A further slowing in growth
The latest JOLTs (job openings) showed there are 5.9 million jobs available, more than expected, but it didn’t give markets any kick.
The European market inherited a soporific start to the week from the APAC region, the latter in part due to holidays in Japan and Singapore. So with much of Europe sweltering in temperatures of between 30 and 40 degrees Celsius, the invitation to do nothing was readily accepted. The US hasn’t done a lot either, save that rotation out of ‘big-tech’ into smaller cap stocks and industrials, already underway at the end of last week following announced US actions against Tik Tok and WeChat, has extended. The Nasdaq has ended Monday down by 0.4% while the Dow is up 1.3% and the Russell 2000 up 1%. The S&P finished +0.3%.
Currency market moves look to have been more order-driven than news-driven with no consistency across the G10 spectrum. AUD, NZD and EUR are all a touch softer so far this week, but so too is the CHF and to a lesser extent the JPY. Against this, GBP and CAD are both a little firmer, the former seemingly on some positive mood music regarding chances of an EU-UK post-Brexit trade deal (courtesy of weekend missive from UK Cabinet Minister Michael Gove) and the latter on higher oil prices (WTI crude is up 2% to $42). Oil looks to have been boosted by weekend comments from Saudi Aramco’s CEO, claiming crude demand in Asia is almost back to pre-COVID levels and that demand for energy will probably improve over the rest of the year.
Bond markets saw European yield 1-2bps lower but in the US Friday’s yield back up has extended, 10s up a further 1.5bps to 0.58%.
No sign so far of any progress towards a deal this week that would obviate the need for legal challenges to President Trump’s four Executive orders signed on Saturday related to unemployment benefits, payroll taxes, tenant evictions and student loans. Failure to strike a deal by the weekend, that surely is now at least a 50:50 prospect, has potential to unsettle risk sentiment either side of the weekend.
Chicago Fed President Charles Evans, who was speaking overnight but not on economic or monetary policy matters, was interviewed on CBS’s Face the Nation on Sunday night noting that it’s “incredibly important” the U.S. deliver another round of fiscal policy measures to aid the economy as it weathers the coronavirus pandemic. “Fiscal policy has been unbelievably important in supporting the economy during the downturn that we’ve been experiencing. That continues to be important because we’ve not got control over the virus spread. I think that public confidence is really important, and another support package is really incredibly important,” Evans said.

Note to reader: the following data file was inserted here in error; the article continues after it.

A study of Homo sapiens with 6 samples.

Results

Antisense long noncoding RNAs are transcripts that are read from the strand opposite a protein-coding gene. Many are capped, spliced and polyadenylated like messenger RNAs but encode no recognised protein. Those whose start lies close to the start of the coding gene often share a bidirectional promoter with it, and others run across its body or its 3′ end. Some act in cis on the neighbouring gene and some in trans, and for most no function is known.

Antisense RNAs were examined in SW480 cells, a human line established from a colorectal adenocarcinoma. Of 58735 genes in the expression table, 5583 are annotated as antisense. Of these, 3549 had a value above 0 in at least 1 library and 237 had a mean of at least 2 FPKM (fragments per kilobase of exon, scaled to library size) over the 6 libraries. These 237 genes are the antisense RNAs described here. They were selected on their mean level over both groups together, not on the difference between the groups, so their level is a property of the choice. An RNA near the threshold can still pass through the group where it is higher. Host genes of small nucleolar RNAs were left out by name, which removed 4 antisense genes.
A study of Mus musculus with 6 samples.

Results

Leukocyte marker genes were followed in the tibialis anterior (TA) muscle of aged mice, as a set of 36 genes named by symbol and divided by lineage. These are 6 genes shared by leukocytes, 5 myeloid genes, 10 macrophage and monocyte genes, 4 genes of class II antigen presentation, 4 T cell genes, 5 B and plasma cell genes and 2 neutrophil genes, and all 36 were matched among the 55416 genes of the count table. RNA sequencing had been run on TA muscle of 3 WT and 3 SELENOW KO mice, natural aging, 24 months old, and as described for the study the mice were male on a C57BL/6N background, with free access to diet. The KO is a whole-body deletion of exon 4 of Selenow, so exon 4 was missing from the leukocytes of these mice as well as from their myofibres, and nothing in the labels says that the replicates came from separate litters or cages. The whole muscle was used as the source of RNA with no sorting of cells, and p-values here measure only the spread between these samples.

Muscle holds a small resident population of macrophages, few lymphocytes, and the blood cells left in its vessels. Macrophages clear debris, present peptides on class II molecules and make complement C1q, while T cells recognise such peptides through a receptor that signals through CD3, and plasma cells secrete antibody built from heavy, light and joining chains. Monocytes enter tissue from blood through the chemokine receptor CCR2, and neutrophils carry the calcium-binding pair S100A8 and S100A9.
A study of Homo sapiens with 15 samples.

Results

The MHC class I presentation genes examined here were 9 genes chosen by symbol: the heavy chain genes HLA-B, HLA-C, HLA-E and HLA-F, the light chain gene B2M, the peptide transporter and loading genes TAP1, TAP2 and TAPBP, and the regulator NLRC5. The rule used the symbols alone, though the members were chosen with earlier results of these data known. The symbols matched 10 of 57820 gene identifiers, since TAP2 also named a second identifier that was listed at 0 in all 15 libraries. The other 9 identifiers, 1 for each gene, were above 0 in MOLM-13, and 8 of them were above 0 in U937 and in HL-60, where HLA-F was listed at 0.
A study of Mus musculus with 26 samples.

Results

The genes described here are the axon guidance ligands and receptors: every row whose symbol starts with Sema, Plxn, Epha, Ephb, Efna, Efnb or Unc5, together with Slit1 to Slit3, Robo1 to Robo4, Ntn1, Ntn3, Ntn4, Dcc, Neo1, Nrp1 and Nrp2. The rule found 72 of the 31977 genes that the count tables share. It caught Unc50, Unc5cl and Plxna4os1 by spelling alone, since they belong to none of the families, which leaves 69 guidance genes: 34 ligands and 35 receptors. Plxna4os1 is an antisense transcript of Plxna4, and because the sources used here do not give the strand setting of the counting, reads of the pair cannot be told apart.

Economists at the Federal Reserve Bank of New York on Monday published a report saying that a ‘sizeable share’ of US publicly listed groups face a potential credit crunch, a slump in cash flow brought on by the pandemic squeezes companies with elevated levels of debt (FT reporting).
China announced tit-for-tat sanctions against 11 US officials including five members of Congress, following the similar action taken by the US over the weekend, though it doesn’t include any White House officials, underscoring the largely symbolic nature of the action. More pertinent is the meeting at the end of the week between key US and Chinese trade officials on a progress report on the phase 1 trade deal, though here the strong sense is that the Trump administration won’t want to jeopardise the deal this side of the election for fear of alienating the important mid-West farming constituency.
Florida and Arizona both posted their lowest total for new daily infections since early June, though California reported an above-average increase in new cases after fixing glitch in the state’s data system.
The only piece of economic news of any note has been the US JOLTS (job opening) series, an old Janet Yellen favourite but which, benign for June, is too backward looking in current circumstances to be of much value. These rose to 5,889k, well above the 5,300k expected and 5,371k in May.